Institute for War and Peace Reporting | Giving Voice, Driving Change
Local Hero Inspires Resistance to Insurgency
Nearly two months after he confronted and killed three insurgents who were terrorising his neighborhood, carpenter Dhia Muhsin said he doesn’t have any regrets.
In fact, he said if insurgents return to his neighborhood, he will shoot first again.
“I expect them (the insurgents) to come back and I’m ready to face them,” said Muhsin, 33.
On March 22, a group of masked gunmen carrying grenades parked their cars in Muhsin’s al-Dora neighbourhood, a working-class area of southern Baghdad. When they began walking down the street, Muhsin and his three nephews, picked up their Kalashnikov rifles and opened fired.
A gun battle ensued and three insurgents were killed, while the others ran off soon after the police arrived. Two of Muhsin’s nephews, ages 13 and 24, were wounded in the fighting.
“After a half hour of fighting, the insurgents fled and three corpses of their friends were left behind,” said neighbour Amjad Hamid, 25, a ministry of justice employee whose mother was injured in the crossfire. “They were killed at the hands of Dhia and his nephews.”
It’s thought to be the first time that ordinary citizens have fought off insurgents.
“At first, I wasn’t prepared,” said Muhsin, “but when I saw them heading toward my shop, I decided to confront them.”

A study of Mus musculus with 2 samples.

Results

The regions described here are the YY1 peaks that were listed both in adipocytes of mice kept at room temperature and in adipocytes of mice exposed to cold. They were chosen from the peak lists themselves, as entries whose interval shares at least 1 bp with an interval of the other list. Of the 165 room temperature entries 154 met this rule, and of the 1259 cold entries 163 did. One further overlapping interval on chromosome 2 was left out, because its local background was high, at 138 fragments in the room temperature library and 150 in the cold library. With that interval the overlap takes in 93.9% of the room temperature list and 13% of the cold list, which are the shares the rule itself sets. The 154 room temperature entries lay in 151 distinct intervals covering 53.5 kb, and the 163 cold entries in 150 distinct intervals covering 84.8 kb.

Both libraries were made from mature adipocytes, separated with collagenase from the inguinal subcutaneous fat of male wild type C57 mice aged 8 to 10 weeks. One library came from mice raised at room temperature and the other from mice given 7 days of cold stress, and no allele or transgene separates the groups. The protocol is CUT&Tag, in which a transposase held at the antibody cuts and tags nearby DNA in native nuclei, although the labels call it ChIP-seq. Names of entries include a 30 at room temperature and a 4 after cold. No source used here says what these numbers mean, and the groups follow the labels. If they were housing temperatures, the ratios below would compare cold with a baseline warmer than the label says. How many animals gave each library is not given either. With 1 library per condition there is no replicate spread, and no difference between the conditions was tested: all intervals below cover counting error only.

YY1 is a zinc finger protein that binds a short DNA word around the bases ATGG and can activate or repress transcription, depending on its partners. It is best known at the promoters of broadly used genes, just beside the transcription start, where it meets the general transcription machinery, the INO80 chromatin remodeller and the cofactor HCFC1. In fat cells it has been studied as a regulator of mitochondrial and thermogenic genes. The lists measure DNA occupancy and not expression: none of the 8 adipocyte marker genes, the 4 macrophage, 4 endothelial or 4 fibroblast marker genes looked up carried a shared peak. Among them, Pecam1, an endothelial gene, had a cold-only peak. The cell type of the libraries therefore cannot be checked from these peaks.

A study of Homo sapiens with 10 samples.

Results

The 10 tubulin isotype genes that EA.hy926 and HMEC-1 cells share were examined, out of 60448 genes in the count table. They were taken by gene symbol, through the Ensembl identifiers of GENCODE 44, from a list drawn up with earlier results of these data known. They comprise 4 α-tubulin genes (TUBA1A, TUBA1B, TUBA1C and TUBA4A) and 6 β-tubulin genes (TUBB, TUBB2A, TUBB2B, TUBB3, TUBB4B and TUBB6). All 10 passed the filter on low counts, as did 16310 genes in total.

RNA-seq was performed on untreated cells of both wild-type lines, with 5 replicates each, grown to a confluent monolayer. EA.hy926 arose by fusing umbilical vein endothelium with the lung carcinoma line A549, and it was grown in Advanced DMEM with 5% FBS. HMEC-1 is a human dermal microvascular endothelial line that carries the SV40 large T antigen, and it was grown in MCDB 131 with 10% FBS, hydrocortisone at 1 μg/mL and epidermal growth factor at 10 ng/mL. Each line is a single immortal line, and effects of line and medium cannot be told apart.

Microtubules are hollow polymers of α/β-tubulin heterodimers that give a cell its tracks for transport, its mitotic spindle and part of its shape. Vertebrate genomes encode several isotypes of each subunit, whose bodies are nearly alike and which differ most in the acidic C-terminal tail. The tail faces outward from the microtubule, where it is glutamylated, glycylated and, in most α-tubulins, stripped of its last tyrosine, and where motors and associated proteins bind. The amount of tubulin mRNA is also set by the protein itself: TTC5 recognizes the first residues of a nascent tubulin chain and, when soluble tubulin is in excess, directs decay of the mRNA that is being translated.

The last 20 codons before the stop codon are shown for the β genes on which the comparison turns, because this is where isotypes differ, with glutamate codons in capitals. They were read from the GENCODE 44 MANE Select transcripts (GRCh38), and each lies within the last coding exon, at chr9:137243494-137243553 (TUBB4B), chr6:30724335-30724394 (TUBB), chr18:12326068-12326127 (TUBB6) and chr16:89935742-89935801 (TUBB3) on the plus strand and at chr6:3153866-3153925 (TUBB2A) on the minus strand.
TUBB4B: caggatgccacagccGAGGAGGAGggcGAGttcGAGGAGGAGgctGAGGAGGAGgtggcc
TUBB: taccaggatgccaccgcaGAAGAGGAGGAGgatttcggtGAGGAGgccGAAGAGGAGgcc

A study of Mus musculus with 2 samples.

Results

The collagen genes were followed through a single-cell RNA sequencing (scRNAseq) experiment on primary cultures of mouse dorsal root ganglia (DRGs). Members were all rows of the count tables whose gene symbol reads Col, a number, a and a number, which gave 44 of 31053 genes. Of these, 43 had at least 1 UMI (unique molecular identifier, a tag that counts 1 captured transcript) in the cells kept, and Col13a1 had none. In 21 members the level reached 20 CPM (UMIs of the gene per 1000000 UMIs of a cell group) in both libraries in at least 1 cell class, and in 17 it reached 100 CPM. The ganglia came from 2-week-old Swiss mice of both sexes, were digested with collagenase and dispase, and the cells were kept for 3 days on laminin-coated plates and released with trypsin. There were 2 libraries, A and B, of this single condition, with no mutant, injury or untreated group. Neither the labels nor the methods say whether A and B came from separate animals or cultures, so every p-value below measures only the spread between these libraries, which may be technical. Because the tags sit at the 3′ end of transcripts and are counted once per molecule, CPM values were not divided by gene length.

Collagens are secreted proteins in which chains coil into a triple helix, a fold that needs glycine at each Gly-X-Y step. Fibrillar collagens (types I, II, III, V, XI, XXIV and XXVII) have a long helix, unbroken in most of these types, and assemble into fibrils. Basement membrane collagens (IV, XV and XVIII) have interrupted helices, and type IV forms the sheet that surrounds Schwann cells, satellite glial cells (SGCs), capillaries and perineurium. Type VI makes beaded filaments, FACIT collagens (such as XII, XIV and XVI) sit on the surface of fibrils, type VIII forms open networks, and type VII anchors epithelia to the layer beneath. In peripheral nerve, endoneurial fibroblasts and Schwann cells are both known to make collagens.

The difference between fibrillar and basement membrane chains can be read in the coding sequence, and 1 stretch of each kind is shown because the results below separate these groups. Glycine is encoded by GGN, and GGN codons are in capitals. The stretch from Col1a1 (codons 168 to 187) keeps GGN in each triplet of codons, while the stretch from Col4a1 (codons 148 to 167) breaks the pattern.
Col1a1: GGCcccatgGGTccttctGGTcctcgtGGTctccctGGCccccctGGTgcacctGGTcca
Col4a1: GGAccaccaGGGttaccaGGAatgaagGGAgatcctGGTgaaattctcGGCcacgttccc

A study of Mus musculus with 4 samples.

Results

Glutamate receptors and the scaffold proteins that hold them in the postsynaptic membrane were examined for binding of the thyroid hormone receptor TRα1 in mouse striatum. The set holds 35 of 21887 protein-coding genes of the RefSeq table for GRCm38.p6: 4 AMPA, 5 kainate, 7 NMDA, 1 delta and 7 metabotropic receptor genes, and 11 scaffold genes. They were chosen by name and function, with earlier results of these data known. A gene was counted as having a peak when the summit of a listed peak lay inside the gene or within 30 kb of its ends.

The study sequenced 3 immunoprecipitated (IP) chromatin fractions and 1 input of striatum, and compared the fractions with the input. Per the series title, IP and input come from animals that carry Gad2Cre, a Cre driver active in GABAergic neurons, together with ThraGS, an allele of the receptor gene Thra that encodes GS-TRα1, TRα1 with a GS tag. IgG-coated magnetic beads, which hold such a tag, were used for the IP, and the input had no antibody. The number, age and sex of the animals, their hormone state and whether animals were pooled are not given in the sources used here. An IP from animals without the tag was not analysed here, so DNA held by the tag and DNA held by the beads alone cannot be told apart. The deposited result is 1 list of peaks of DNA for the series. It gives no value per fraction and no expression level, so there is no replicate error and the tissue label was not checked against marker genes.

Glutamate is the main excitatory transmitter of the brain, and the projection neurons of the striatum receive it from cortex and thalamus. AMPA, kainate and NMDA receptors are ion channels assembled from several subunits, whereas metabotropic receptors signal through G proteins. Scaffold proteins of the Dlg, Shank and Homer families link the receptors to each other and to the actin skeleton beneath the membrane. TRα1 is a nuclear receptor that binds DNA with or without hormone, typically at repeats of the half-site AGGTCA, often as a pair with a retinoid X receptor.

Al-Dora has been a volatile area and a scene of sectarian violence where Sunni insurgents target Shia residents. The gunmen whom Muhsin fought were seen hovering around the Shia Husseiniya mosque before the battle.
Al-Dora residents had been too scared to face down the insurgents but after seeing Muhsin’s bravery, some, it seems, have decided to fight back.
“We are ready to confront any terrorist and the people in the area, after they saw what I did, have become more daring and strong,” said Muhsin.
Mudher Khudher, 42, a bakery owner, said he is proud of Muhsin actions and he and others have decided to follow his example, “Dhia taught us that the terrorists are cowards and they can’t face all Iraqis.”
Saleem Barakat, 32, a student, called Muhsin a hero and noted that their street in al-Dora has been quiet since the insurgents were killed.
But other areas of al-Dora have seen violence since the gun battle. On May 14, three street cleaners were killed when a roadside bomb exploded prematurely. Ten days earlier, there was a suicide car bombing at an Iraqi army checkpoint, killing nine soldiers.
Still, Barakat said all Iraqis should look to Muhsin as an example.
“He stood against the terrorists and stopped them,” he said. “Dhia taught the terrorists a lesson they will never forget.”
Hussein Ali is an IWPR trainee in Baghdad.